The Georgia Court of Appeals recently determined that a plaintiff’s failure to originally identify the correct governmental agencies in a personal injury suit against the state does not necessarily constitute grounds for dismissing the suit. The court held that the correct standard is to determine if the plaintiffs adequately investigated their claims or if the state had suffered prejudice.
In Young v. Georgia Dept. of Natural Resources, the plaintiff, Young, was injured at the Georgia National Fairgrounds in Perry, Georgia. Young brought suit for negligence and filed ante-litem notices with the Department of Administrative Services and the Georgia National Fairground. This ante-litem notice is a necessary step in suing the state for a tort. Upon realizing these were not the correct agencies sometime later, Young filed suit against the Department of Natural Resources (DNR) and the Georgia Agricultural Exposition Authority (GAEA) which were the correct agencies.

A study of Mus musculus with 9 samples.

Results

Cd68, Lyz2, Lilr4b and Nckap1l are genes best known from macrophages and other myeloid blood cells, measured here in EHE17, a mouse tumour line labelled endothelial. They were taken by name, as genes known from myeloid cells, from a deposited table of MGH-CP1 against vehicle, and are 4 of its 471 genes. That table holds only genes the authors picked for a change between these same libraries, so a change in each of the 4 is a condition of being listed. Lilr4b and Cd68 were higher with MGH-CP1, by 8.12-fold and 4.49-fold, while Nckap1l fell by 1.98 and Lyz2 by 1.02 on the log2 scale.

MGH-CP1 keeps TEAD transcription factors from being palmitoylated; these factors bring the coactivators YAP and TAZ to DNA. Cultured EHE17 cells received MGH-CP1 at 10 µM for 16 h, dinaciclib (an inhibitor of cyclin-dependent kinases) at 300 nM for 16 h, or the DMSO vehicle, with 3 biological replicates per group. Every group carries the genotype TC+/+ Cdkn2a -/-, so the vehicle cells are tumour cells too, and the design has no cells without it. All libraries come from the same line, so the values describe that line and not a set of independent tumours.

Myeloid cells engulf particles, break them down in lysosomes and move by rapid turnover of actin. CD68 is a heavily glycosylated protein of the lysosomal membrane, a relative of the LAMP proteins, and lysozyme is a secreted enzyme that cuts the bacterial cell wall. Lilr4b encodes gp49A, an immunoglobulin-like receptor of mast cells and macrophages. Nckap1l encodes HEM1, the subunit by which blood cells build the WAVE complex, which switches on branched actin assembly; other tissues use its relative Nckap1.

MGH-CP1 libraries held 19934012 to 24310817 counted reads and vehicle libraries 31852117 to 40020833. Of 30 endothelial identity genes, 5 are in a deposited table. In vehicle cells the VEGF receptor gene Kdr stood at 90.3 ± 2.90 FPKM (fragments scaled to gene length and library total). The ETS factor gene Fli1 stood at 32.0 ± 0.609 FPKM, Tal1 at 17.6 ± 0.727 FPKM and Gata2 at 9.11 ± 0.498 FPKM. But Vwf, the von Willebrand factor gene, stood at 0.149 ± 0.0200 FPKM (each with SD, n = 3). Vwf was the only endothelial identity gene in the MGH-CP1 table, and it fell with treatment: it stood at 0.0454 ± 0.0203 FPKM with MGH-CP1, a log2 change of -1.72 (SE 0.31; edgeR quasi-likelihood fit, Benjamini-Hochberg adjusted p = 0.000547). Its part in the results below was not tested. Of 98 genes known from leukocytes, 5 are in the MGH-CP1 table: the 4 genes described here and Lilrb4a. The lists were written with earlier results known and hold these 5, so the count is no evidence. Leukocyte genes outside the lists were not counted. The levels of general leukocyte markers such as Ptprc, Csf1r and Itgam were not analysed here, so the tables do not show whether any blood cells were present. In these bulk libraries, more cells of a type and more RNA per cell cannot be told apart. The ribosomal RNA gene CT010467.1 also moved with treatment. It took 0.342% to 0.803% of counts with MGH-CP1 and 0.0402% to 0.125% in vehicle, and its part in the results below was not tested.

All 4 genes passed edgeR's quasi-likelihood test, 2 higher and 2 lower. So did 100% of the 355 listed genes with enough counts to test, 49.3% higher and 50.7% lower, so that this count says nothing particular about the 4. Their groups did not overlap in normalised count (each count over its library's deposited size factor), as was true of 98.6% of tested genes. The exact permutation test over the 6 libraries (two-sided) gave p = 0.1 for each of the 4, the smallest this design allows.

The DNR and GAEA asked for the case to be dismissed, since Young had failed to identify the DNR and GAEA as the target agencies as required by the anti-litem statute. The trial court granted the motion by reasoning that a plaintiff must strictly comply with the anti-litem statute which waives the state’s sovereign immunity. The court further explained that the failure to include the DNR and GAEA rendered the original anti-litem notices invalid, and the plaintiff could not remedy the problem by later attaching the correct agencies.
The Court of Appeals disagreed. It held that the trial court should have conducted an inquiry into whether Young adequately investigated his claim or whether the state had suffered prejudice as a result of originally naming the wrong agencies. In doing so, the judgment was overturned and sent back to the trial court for the correct analysis to be conducted.